The 18th-ranked Arizona Wildcats have been preparing for Cal for more than two weeks now, studying game film intently with hopes of gaining any little edge.
But it's not the Golden Bears that concern Arizona's coaches. It's the Wildcat.
"They're always looking for innovative ways to get you out of position, to get some space," UA defensive coordinator Mark Stoops said.
Cal periodically runs the Wildcat formation - a single-wing, run-based offensive wrinkle that's exploding in popularity in both college football and the NFL - to keep opposing defenses honest. The Golden Bears' tailback lines up at the quarterback spot and receives the snap; he then can either keep the ball or hand it off to another runner, located next to him in the shotgun formation.
And the regular quarterback? He lines up at wide receiver, away from the action, and watches.
The goal of the Wildcat formation, just like any other offensive approach, is to create mismatches.
It's a concept as simple as it is popular. Teams throughout the country have instituted some form of Wildcat look in short-yardage and goal-line situations. Even Arizona runs a version of the Wildcat, albeit with a speedy quarterback - and not a running back - under center.
"If you've got a guy who can run it, it's good to put in every now and then. They have to change their defense, and they have to prepare for it. It makes it tough on the other team," UA quarterback Nick Foles said. "It's a new thing, and new things are always pretty successful. Lots of teams are adding it to their packages, and it works a lot."
Here's everything you ever wanted to know about the Wildcat:
Origin of the Wildcat
Let's get one thing out of the way: The Wildcat formation has nothing to do with Arizona's mascot.
Kansas State first ran the offense in the late-1990s, with speedy quarterback Michael Bishop calling the shots. The modern Wildcat formation didn't catch on until 2006, when Arkansas offensive coordinator Gus Malzahn installed the "Wild Hog" attack as a way to get running backs Darren McFadden and Felix Jones on the field at the same time. McFadden lined up at quarterback, with Jones next to him at tailback.
So how did an offense popularized in Kansas and Arkansas get the Wildcat moniker? Well, it's complicated: Washington high school coach Hugh Wyatt instituted a double-wing scheme that he named after his team's mascot, the Wildcats, in 1998. K-State, also the Wildcats, also lays claim to the naming rights.
Wildcat in the NFL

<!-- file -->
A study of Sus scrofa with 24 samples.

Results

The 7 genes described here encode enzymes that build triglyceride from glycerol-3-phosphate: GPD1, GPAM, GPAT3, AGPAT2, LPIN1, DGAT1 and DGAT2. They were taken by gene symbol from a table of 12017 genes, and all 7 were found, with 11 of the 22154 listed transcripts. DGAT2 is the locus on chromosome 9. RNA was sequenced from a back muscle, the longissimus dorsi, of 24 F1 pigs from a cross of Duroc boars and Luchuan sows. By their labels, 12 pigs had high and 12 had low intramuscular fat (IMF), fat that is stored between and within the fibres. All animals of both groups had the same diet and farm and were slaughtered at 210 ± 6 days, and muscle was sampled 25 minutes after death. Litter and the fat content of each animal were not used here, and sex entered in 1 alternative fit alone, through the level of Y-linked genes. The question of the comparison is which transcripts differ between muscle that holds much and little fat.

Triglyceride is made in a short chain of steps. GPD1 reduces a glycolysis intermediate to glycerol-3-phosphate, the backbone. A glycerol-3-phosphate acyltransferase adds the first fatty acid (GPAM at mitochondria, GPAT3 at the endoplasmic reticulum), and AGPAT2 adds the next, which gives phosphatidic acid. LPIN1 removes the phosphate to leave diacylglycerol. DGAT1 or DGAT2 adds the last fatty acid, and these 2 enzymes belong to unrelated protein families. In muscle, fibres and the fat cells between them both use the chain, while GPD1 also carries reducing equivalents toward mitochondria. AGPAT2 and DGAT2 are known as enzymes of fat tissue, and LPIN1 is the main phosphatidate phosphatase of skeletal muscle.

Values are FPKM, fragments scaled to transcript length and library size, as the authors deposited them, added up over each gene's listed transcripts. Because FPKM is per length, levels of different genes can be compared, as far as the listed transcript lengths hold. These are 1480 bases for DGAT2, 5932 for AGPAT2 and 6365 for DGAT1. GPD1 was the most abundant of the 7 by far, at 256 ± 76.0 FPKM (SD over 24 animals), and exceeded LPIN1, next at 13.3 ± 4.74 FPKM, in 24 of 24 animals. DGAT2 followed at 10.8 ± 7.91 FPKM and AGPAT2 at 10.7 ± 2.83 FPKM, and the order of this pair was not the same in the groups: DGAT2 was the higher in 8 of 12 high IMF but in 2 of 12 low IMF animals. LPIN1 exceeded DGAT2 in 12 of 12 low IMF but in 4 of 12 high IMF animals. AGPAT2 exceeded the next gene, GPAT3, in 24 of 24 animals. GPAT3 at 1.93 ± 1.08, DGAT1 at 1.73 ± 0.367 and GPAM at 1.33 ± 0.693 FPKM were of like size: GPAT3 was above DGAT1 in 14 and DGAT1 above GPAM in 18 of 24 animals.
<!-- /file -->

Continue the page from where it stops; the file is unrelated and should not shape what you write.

The Carolina Panthers originally used the direct-snap attack in 2006, when injuries to their quarterbacks forced the team to use tailback D'Angelo Williams under center. Offensive coordinator Dan Henning took some of those principles to the Miami Dolphins when he was hired to run the offense in 2008. Working with quarterbacks coach David Lee, who coached under Malzahn at Arkansas, Henning devised the Wildcat attack for tailback Ronnie Brown. The scheme was a rousing success. A handful of NFL teams now run some form of the Wildcat - the Chargers' LaDainian Tomlinson even got into the act two weeks ago, scoring a touchdown from the QB position.
Working west …
Cal offensive coordinator Andy Ludwig brought the Wildcat with him from Utah, where he used the scheme with tailback Matt Asiata last year.
The Golden Bears ran the scheme sparingly earlier in the season before unveiling a series of plays against Washington State on Oct. 24. Cal ran five plays from the formation, with backs Jahvid Best and Shane Vereen and wide receiver Isi Sofele gaining 52 yards. The team broke out the attack again Saturday against Oregon State; in fact, Best's severe concussion came on a play in which he took the direct snap, darted left and leapt over a Beavers defender and into the end zone.
"They do a good job with it," Arizona offensive coordinator Sonny Dykes said. "It's a good way for them to get misdirection-type things with their backs. … It's a good way to get some quarterback run game when you don't have a running quarterback. That's kind of what everybody's doing."
Declawing the Wildcat
Stopping the scheme isn't as easy as it seems.
Mark Stoops said some coaches are tempted to add one more player to the "box" - the area between the tackles - to shut down a sure run. But that requires more shifting, and new assignments, on the fly.
"It's easy for the average fan to say, 'Just add another guy down there,' but there are 10 other guys and their 'fits' have to be exactly right," he said. "That's where you have to be disciplined and have that system."
Stopping the Wildcat is no different than shutting down a lead-option attack, Stoops said. Players must stick to their assignments without overcommitting.
"It always comes down to good team defense, being sound in our adjustments and being on top of things," he said. "That's where we've grown defensively: We're understanding that no matter what they do, there's always a system to fall back on."
The Arizona Wildcat
Even Arizona is getting into the act.
The UA has been practicing a modified version of the Wildcat, in one way or another, since the start of training camp. Backup quarterback Matt Scott has taken over as the trigger-man since losing his job to Foles in Week 4; he played single snaps in wins over Stanford and UCLA, and was the Wildcats' leading rusher in last week's win over Washington State.
Scott has an edge: He can throw the ball.
"I'm just hoping to see more of it," Scott said. "I think it worked well last game, and it'll work well from this game on."